Ubisoft sues Apple and Google for allowing sales of Rainbow Six Siege mobile knockoff
Ubisoft has sued both Apple and Google, accusing them of selling Area F2, a game it claims is a "near carbon copy" of their successful game, Tom Clancy's Rainbow Six: Siege that is currently being sold for iOS and Android devices. The company claims that the game is meant to "piggyback" on Ubisoft's success and it now has filed a lawsuit to remove the game from the popular mobile app marketplaces.
Bloomberg reports that in a complaint filed in a federal court in Los Angeles on Friday, Ubisoft claims that Virtually every aspect of Area F2 is copied from Rainbow Six Siege, from the operator selection screen to the final scoring screen, and everything in between.
"Area F2", created by Alibaba Group Holdings Ltd.'s Ejoy.com, is a "near carbon copy" of Rainbow Six: Siege, and that can't be "seriously be disputed
R6S is among the most popular competitive multiplayer games in the world and is among Ubisoft's most valuable intellectual properties. Virtually every aspect of AF2 is copied from R6S, from the operator selection screen to the final scoring screen, and everything in between.
It is unclear how many people play Area F2, but Rainbow Six: Siege is a particularly popular multiplayer title on console and PC. Rainbow Six: Siege has 55 million registered players around the world, with more than 3 million players every day, according to the lawsuit.
The game is based on Clancy's novel about a counter-terrorism unit and "Ubisoft's competitors are constantly looking for ways to piggyback on R6S's popularity and to capture the attention, and money, of R6S players".
Area F2, which went on sale last month, describes itself on its storefronts as "the first Close-Quarters Battle shooting game on mobile" and enables players to fight "over ultra-realistic environments as attacker and defender, playing as one of a wide selection of agents, each with [their own] special ability". It also states that "all roofs and walls can be reinforced or destroyed, challenging players' skills and tactics as every wall may become a potential entry point".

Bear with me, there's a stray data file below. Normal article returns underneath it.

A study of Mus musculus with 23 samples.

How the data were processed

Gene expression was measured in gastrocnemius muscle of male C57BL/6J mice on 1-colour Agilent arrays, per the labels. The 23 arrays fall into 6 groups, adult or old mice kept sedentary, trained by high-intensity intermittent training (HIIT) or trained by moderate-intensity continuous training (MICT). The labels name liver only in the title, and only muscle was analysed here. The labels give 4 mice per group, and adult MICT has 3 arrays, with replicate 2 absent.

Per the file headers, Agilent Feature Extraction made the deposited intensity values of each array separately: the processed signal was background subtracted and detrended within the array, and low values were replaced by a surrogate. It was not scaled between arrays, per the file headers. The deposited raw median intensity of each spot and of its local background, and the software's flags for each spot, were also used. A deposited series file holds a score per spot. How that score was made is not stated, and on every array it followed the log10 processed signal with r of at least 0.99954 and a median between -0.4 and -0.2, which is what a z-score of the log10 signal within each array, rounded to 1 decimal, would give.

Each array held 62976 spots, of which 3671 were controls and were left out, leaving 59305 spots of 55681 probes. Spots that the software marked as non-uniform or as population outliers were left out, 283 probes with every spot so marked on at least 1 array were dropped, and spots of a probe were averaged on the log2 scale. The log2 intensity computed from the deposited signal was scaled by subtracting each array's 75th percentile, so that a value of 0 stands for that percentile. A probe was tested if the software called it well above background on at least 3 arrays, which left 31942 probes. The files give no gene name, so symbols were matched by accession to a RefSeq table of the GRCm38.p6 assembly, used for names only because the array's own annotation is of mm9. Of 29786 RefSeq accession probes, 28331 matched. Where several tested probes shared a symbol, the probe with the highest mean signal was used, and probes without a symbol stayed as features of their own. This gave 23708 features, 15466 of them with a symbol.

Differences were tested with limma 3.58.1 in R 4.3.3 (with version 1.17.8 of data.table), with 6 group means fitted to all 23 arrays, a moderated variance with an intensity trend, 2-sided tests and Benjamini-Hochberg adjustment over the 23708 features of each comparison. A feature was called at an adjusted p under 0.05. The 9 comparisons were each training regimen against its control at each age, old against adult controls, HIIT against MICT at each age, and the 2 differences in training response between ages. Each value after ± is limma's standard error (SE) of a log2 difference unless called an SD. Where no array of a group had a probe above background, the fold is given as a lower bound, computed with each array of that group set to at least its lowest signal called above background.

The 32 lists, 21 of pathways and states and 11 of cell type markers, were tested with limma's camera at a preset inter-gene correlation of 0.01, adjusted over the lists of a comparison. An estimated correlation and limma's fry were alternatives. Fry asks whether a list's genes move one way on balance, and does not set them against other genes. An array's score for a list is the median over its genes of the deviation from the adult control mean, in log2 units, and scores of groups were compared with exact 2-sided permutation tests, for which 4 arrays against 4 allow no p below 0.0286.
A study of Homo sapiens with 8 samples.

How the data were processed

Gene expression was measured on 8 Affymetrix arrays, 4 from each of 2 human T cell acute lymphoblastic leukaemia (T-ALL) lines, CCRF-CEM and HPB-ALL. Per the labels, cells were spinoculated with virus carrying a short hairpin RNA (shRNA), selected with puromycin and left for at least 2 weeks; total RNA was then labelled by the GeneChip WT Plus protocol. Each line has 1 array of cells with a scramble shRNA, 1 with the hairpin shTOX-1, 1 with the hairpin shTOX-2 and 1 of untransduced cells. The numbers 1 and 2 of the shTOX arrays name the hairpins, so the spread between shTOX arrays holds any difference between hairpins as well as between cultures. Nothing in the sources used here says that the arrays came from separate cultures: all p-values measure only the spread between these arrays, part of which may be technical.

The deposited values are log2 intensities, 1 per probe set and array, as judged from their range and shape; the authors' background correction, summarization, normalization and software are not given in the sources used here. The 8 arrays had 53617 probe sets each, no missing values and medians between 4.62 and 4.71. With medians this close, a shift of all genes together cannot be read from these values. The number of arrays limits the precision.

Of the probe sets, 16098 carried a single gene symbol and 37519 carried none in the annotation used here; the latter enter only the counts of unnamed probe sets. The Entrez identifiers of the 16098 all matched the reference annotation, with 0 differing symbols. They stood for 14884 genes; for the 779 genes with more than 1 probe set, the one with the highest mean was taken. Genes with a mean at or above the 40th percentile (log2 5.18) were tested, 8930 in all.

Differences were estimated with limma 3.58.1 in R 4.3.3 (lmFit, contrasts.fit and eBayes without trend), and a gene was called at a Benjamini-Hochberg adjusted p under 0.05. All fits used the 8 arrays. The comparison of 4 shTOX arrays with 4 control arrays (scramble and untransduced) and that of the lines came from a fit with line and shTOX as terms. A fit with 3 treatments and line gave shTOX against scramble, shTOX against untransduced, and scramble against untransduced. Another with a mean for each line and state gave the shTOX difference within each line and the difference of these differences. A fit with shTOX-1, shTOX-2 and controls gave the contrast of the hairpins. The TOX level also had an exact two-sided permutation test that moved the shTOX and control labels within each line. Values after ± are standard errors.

Ubisoft says they reached out to both Apple and Google about the game and their concerns, but both of them refused to remove the game. The company did not elaborate on why it is suing the app store operators for enabling distribution of the game rather than developer Qookka Games itself for the initial infringement. Qookka Games, owned by Alibaba's Ejoy, is located in China, potentially making an international copyright claim more difficult. It remains unclear whether Ubisoft plans to file a separate lawsuit against the developer, in addition to app store operators.
Area F2 has over 75,000 reviews on the Google Play Store, and more than 2,000 on Apple's App Store, and many reviews on both platforms directly note the similarities to Ubisoft's title. So far, neither Apple nor Google have publicly commented on the lawsuit.
A successful lawsuit forcing Apple and Google to take down Area F2 would deprive the game's creator of at least some revenue, even if it could still sell through third-party stores. Do not be surprised if other developers follow suit if this move proves successful.